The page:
INNISFAIL – Dozens of curious and concerned citizens had their first opportunity last week at an open house to engage town council and staff face to face on local plans to handle the pending federal legalization of cannabis.
And safety, especially for the youth of the community, was at the top of citizens’ list of priorities.
“I just don’t want my kids exposed to it,” said local resident and mother Reshann Butts. “I don’t want it being sold close to the schools or someone can get their big 18-year-old brother to go and buy it for the party down the street for 16-year-olds.”
Butts was one of dozens of Innisfailians who attended the town’s cannabis legalization open house at town hall on May 8 to review all available information, including the latest federal and provincial guidelines. The town, relying on its Public Participation Policy, is seeking extensive citizen input, which includes a forum with stakeholder groups and an online and paper survey process that ends today (May 15). As of May 8, the town had received a “fantastic” response of about 350 completed citizen surveys, said Stuart Fullarton, the town’s communications coordinator.
The final survey numbers will help staff develop a go-forward plan leading to the creation of draft bylaw amendments designed to regulate the consumption and sales of cannabis in the community. Administration will then present a proposed plan to council for first reading on June 25. The federal government has said in the past it wanted legalized cannabis in place by July but with the Senate still studying the proposed legislation no firm date has yet been established.
In the meantime, most local citizens, whether for or against legalized cannabis, are resigned to the fact it will soon be legal, but they also insist the town be prepared with a focus on safety.
“It’s been here for many, many years but unfortunately it’s got to the point where the criminal side got into it and young kids got involved, and maybe this way (legalization) it will stave that off a little,” said Innisfailian Terry Leicht. “I hope that is going to happen and we will be able to better govern it and ensure it doesn’t get in the hands of the kids.”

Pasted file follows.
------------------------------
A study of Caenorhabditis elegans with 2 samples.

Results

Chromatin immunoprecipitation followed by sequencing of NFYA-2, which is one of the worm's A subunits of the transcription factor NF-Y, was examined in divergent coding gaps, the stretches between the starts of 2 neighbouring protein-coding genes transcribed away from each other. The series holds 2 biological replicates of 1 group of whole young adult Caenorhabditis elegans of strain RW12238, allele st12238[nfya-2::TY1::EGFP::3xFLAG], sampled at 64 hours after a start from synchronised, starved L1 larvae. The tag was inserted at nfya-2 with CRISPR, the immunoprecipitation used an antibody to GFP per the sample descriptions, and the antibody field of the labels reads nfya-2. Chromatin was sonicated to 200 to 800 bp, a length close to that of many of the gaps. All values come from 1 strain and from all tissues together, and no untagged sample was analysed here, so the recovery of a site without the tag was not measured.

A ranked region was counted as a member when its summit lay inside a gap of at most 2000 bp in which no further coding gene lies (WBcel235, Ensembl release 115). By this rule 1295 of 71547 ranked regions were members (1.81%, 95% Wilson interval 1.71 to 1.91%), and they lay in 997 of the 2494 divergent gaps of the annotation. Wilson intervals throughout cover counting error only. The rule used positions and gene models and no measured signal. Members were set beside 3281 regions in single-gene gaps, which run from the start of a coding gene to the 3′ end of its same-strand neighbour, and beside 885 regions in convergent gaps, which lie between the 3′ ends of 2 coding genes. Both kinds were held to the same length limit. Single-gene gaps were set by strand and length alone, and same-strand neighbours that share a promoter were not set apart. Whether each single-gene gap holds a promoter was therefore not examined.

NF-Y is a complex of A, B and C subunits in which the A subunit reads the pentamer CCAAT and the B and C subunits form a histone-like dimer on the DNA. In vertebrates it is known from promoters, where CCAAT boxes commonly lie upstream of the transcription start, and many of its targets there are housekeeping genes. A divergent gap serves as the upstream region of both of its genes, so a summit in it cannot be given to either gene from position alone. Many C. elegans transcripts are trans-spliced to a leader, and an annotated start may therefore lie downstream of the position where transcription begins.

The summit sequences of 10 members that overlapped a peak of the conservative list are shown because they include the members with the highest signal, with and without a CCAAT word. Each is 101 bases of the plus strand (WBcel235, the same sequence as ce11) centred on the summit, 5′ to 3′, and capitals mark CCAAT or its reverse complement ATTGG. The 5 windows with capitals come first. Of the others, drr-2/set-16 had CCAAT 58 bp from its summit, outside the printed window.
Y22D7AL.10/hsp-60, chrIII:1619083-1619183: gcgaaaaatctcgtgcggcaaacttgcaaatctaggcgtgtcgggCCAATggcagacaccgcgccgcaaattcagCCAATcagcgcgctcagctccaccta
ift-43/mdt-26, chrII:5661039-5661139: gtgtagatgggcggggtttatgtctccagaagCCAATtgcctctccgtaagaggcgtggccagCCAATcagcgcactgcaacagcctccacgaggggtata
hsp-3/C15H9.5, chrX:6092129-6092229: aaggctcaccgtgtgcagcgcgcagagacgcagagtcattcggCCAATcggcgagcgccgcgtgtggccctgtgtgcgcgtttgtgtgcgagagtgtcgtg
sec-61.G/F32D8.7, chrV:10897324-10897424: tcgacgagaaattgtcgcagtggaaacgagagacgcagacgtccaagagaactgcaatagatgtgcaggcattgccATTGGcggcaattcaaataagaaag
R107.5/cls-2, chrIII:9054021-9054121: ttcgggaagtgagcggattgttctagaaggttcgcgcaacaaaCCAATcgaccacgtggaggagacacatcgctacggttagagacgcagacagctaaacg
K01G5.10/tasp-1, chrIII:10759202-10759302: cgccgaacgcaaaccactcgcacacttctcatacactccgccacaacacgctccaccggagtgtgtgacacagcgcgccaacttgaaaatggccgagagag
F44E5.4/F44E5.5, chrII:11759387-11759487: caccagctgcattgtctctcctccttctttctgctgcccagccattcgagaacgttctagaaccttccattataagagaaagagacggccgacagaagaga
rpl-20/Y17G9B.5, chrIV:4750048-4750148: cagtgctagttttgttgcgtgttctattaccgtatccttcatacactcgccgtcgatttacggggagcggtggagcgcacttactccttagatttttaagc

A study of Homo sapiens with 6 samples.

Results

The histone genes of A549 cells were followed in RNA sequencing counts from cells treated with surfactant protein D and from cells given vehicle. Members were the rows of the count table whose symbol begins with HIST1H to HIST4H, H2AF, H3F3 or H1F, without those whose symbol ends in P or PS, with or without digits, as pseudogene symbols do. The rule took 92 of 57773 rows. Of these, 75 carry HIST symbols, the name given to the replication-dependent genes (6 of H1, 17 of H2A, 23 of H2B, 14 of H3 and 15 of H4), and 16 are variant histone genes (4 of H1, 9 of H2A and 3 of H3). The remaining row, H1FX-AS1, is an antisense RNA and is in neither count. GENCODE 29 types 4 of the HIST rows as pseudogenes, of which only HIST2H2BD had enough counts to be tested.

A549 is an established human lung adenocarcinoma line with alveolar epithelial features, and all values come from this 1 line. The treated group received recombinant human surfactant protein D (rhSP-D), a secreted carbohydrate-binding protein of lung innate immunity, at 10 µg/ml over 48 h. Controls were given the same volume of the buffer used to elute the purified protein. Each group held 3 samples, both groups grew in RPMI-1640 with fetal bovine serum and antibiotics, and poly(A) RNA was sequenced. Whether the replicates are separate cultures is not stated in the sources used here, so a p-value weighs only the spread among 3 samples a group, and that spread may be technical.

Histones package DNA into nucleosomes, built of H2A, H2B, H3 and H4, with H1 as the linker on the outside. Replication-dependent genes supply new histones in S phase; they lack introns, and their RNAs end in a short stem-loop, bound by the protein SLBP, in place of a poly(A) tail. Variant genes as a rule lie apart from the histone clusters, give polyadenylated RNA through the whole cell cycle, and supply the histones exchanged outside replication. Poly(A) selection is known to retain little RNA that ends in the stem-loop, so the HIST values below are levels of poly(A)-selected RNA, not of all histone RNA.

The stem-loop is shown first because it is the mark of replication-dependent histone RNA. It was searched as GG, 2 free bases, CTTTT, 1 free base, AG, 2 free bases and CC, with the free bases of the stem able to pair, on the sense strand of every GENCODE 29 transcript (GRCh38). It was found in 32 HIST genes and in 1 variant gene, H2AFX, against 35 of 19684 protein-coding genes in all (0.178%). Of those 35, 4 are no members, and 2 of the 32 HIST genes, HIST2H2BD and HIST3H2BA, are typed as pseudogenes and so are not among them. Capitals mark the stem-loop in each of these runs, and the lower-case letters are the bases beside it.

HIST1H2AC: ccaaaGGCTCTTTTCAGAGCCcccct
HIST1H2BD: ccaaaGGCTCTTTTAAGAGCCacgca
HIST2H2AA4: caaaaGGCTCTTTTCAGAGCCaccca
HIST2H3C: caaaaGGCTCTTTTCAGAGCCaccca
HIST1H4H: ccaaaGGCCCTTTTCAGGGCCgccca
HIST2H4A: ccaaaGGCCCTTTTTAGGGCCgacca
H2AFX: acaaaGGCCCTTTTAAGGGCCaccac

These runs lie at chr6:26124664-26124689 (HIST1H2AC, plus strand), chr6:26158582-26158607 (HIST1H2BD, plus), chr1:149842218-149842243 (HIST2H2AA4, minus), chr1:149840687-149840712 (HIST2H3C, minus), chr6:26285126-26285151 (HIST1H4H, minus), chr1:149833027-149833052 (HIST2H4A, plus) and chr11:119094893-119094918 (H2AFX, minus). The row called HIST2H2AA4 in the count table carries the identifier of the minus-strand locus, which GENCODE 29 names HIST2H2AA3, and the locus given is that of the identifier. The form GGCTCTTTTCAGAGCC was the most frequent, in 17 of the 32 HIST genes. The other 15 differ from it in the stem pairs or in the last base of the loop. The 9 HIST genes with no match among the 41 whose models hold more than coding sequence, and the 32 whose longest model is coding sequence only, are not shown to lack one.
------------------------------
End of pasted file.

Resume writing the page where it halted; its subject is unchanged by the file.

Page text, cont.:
The provincial government has announced regulations providing for a 100-metre buffer between cannabis retailers and schools and provincial health-care facilities. Municipalities have the option to adjust these buffer zones or create new ones.
Innisfailian Lorena Siemens praised the town for its efforts to lay out all the information for the community but added the national plan is being rushed too quickly.
“There is a lot of adverse information in so far as medical issues, and we haven’t divulged all of that. We haven’t digested it to see where that will go, so yes it is being pushed way too quickly,” said Siemens.
Mayor Jim Romane, who wants the town to ultimately approve a go-slow approach, said there are still important issues at both the provincial and federal government levels that have to be clarified.
“The police are not even sure yet,” said Romane. “We can always expand on it later but for the time being let’s ease into it.”
In the meantime, the town is still waiting for more information from both levels of government, including the date of full legalization.
“There is still some movement happening. Before we go too far we want to make sure the senior levels of government are ready to go with this,” said Todd Becker, the town’s chief administrative officer. “We are still getting pressure locally to be ready, and sooner the better, because there is interest in accessing the retail market.”